MAR 17, 2023 3:00 AM PDT

Heart "Tissue-on-a-Chip" Heading to International Space Station

Commercial resupply missions (CRSs) to the International Space Station (ISS) by SpaceX have become a regular occurrence, with the most recent CRS-26 mission launched in November 2022 sent a suite of research experiments that will be conducted on the ISS. The upcoming SpaceX CRS-27 mission due to launch no earlier than March 14 will add another chapter to this extraordinary story of science and research being conducted on the orbiting outpost.

Heart tissue chambers inside plate habitat built for research aboard the International Space Station. (Credit: Deok-Ho Kim and Devin Mair, Johns Hopkins Medicine)

Onboard CRS-27 will be human heart “tissue-on-a-chip” specimens sent by NASA to study changes within the mitochondria of heart cells under microgravity conditions, with a specific focus on heart tissue inflammation and the proteins activated during such processes, along with dysfunction within the mitochondria.

Mitochondria function as a cell’s power supply and produce most of the chemical energy that powers the biochemical reactions within cell. The specimens are being accompanied by three FDA-approved medicines that astronauts will use on the specimens to hopefully prevent changes in heart cells that are either currently known or hypothesized to occur during long-duration spaceflights.

“It’s possible that what we learn from these experiments in space could also inform how we treat age-related cardiac problems,” said Dr. Deok-Ho Kim, who is a professor of biomedical engineering at the Johns Hopkins University School of Medicine, since many cell changes within the heart already found in astronauts mirror changes connected to heart muscle aging, overall.

The researchers used laboratory-grown human induced pluripotent stem cells to micro-engineer the human heart tissue-on-a-chip specimens. Since stem cells can be grown into any kind of cell, the researchers ultimately grew them into the heart muscles that make the heart contract, also known as cardiomyocytes.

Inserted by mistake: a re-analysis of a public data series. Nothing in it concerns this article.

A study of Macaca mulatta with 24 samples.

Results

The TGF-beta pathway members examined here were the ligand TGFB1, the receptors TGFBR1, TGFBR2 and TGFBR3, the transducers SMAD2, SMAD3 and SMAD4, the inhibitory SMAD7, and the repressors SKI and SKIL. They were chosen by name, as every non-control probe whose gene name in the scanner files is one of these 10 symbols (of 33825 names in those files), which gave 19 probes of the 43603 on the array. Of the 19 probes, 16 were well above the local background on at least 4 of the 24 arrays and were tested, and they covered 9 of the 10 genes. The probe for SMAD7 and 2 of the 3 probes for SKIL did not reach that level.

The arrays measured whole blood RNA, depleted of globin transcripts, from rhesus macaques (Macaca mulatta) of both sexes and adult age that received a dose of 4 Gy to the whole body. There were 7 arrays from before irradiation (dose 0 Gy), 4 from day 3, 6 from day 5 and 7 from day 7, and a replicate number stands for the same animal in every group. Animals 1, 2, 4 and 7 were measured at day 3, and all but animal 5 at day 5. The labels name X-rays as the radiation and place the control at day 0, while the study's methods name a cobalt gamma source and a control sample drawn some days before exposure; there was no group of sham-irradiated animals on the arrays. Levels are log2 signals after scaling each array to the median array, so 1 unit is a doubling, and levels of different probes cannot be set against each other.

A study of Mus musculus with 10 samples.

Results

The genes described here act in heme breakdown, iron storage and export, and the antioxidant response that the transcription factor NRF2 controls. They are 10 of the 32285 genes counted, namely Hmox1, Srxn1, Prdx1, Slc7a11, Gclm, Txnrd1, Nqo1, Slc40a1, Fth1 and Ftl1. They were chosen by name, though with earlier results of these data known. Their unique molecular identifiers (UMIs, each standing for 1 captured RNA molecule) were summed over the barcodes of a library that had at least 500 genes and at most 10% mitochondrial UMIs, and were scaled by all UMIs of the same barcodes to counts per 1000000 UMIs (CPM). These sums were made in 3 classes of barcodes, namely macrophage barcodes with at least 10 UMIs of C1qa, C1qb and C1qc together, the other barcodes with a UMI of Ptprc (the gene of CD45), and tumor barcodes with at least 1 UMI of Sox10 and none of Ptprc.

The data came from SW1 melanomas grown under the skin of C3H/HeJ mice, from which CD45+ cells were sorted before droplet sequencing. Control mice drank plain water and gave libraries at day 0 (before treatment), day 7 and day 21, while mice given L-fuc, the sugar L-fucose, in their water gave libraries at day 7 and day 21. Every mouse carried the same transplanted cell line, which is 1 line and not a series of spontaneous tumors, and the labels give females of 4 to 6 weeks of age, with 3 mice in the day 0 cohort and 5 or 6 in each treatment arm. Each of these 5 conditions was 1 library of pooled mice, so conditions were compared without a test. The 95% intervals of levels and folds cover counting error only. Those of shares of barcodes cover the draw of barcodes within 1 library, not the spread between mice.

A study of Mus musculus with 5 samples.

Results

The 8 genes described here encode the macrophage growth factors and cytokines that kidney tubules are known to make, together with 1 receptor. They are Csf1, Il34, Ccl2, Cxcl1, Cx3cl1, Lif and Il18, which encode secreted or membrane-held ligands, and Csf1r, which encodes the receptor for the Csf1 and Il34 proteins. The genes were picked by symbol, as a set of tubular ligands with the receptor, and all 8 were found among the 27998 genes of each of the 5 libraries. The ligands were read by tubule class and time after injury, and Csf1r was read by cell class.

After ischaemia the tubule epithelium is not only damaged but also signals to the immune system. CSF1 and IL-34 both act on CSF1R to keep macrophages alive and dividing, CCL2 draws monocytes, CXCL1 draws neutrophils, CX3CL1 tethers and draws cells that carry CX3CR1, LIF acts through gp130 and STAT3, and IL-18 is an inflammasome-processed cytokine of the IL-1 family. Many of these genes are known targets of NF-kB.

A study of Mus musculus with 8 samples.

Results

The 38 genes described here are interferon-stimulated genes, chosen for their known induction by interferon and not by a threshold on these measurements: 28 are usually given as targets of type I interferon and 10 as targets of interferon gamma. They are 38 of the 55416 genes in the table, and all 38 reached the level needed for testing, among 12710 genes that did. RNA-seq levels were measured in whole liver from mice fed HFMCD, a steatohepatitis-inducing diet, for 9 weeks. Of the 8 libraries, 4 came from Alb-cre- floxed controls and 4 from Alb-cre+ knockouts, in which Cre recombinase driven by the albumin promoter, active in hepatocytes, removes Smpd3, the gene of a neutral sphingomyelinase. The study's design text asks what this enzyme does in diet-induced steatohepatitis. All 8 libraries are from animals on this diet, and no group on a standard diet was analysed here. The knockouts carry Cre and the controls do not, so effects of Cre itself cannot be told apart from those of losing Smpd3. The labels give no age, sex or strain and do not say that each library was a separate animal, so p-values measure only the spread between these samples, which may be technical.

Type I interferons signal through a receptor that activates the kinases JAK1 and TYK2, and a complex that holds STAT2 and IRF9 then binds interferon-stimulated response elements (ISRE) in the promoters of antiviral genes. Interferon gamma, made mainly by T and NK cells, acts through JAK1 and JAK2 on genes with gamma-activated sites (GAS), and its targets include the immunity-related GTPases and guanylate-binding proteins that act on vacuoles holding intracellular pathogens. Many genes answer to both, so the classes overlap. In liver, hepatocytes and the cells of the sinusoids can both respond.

The payload being sent to the ISS consists of two plate habitats that measure 7 inches long, 5 inches tall, and 4 inches wide and consists of an enclosed chamber of liquid meant to feed the cardiomyocyte tissue being strung between flexible and stuff posts within the chamber. The flexible post has magnets that relay contraction data to sensors which will be used to monitor contraction changes.

These experiments build off previous research conducted by Dr. Kim and his former graduate students who sent heart tissue to the ISS in March 2020, which demonstrated the cells within the mitochondria changed, along with the heart tissues’ inability to contract.

What new discoveries will scientists make regarding the physiological effects from long-term spaceflight? Only time will tell, and this is why we science!

Sources: NASA, EurekAlert!, National Human Genome Research Institute, Johns Hopkins Medicine

As always, keep doing science & keep looking up!

About the Author
Master's (MA/MS/Other)
Laurence Tognetti is a six-year USAF Veteran who earned both a BSc and MSc from the School of Earth and Space Exploration at Arizona State University. Laurence is extremely passionate about outer space and science communication, and is the author of "Outer Solar System Moons: Your Personal 3D Journey".